Smithtown eyes Irish Viking for town parking lot
The doors have been closed and the windows shuttered on the Irish Viking pub on Lake Avenue in St. James for nearly a decade. Town of Smithtown officials are considering turning the eyesore into a parking lot.
Smithtown Town Board voted unanimously at its May 8 meeting to hire John S. Goess Realty Appraisal Inc. to
appraise the value of 369 Lake Ave. property to see the viability of turning it into a municipal parking lot.
“That building’s been vacant for years,” Councilwoman Lynne Nowick (R) said. “I have to be honest, even when the place was open the place was an eyesore. It’s really time for this thing to become something better.”
Smithtown spokeswoman Nicole Garguilo said that if the property owners agree to sell at the appraised value the town will look to turn the site into a parking lot that would include a center pavilion that could be used by local chamber or civics groups for many different kinds of events.
“Additional parking is a key part of the revitalization efforts and is one of the main issues our residents want addressed, along with speeding and safety.”
– Ed Wehrheim
“This will help generate tourism, revenue and aid in the goal to encourage residents to shop local,” Garguilo said in an email.
Supervisor Ed Wehrheim (R) said that the town will wait for a return on the appraisal before moving forward with contacting the property owners. He also said the parking lot could become an aspect of the St. James revitalization project, which is set to begin work early next year after the town installs a sewer system along Lake Avenue.
“Additional parking is a key part of the revitalization efforts and is one of the main issues our residents want
addressed, along with speeding and safety,” Wehrheim said in a statement. “By providing both the parking space and a venue that can be used for small business, markets and showcasing the arts, we can be proactive in our efforts to ensure that Lake Avenue will be an epicenter for arts and entertainment, while maintaining its quaint, historic charm.”
Town Attorney Matthew Jakubowski said that he expects the appraisal to be completed in three to four weeks.
Nowick said the town hopes to get a grant from the county in order to build the parking lot, if the town wants to acquire the property.
There are two municipal parking lots in the area. One is down the road from the Irish Viking property used by the St. James Long Island Rail Road train station. There is a second municipal parking lot behind Spage’s Pharmacy, hiding behind the front facing businesses along Lake Avenue. Nowick said there is a definite need for more parking along that road.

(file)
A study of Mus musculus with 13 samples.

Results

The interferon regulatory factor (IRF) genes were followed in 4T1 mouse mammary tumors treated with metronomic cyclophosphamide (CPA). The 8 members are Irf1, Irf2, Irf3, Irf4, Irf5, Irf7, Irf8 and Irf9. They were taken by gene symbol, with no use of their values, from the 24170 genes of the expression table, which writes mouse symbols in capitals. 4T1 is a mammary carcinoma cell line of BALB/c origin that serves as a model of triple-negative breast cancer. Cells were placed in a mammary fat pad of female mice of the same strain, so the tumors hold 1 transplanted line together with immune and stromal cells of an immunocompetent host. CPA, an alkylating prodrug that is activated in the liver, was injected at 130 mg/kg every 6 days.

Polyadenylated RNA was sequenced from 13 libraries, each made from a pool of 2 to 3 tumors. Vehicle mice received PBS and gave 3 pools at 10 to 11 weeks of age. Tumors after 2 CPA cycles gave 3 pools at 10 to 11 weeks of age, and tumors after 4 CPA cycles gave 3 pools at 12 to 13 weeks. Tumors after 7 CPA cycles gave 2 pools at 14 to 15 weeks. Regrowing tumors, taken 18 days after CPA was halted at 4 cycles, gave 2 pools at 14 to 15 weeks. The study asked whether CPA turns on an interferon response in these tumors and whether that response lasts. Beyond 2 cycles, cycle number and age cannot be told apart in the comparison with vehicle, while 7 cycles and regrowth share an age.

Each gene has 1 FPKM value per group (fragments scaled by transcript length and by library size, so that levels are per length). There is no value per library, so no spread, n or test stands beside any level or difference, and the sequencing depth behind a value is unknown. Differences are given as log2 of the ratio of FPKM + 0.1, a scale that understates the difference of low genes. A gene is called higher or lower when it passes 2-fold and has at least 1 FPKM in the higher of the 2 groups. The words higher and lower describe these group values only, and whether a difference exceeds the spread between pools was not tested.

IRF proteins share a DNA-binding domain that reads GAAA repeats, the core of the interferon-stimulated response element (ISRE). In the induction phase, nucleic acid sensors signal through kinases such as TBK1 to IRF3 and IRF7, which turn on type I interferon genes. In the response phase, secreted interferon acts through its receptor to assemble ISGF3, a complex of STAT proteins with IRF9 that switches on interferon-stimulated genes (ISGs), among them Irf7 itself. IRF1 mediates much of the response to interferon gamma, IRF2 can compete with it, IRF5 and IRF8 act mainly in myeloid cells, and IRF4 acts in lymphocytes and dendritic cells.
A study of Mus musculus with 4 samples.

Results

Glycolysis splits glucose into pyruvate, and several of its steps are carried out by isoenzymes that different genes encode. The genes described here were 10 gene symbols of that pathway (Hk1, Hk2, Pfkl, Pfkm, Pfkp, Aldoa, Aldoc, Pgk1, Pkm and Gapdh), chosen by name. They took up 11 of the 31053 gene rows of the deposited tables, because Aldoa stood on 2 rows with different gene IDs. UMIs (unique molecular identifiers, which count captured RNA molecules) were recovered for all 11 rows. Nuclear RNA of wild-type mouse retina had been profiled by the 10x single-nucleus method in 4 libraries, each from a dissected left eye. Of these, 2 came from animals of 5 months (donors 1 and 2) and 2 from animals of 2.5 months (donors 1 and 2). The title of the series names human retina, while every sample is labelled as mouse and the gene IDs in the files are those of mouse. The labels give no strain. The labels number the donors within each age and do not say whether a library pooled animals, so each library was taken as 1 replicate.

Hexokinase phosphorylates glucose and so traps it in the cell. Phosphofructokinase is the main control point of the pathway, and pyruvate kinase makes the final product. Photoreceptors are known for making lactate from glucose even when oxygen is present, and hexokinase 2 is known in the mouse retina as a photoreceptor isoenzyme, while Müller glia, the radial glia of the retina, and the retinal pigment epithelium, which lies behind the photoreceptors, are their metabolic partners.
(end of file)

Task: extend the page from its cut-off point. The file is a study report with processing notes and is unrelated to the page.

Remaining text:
“I do like the idea of parking, and we want people to walk to places and it is in the center of town. We still want to have more businesses to come in.”
— Kerry Maher-Weisse
“Cars often line up on both sides of the road where two cars in opposite lanes cannot pass through after that,” Nowick said. “You really cannot go through, and if you have a truck trying to get through, because there are trucks that need to deliver to King Kullen, it’s nearly impossible.”
Kerry Maher-Weisse, the president of the Community Association of Greater St. James said that while she likes the idea of a municipal parking lot, she also believes that Lake Avenue needs more restaurants to make the area more attractive to both businesses and customers.
“Here we are having people who are very interested to open up business in town, and [the Irish Viking property] would be a great place for a burger joint in the middle of town,” Maher-Weisse said. “I do like the idea of parking, and we want people to walk to places and it is in the center of town. We still want to have more businesses to come in.”
The town is required to buy the property at the appraised value. If the property owners decide they don’t want to sell, Nowick said there is not much the town could do and the only way the town would apply for eminent domain is if the aging building is posing a danger to the community. It would then take several hearings involving the owner.
“He’s still paying his taxes and it’s his property,” she said.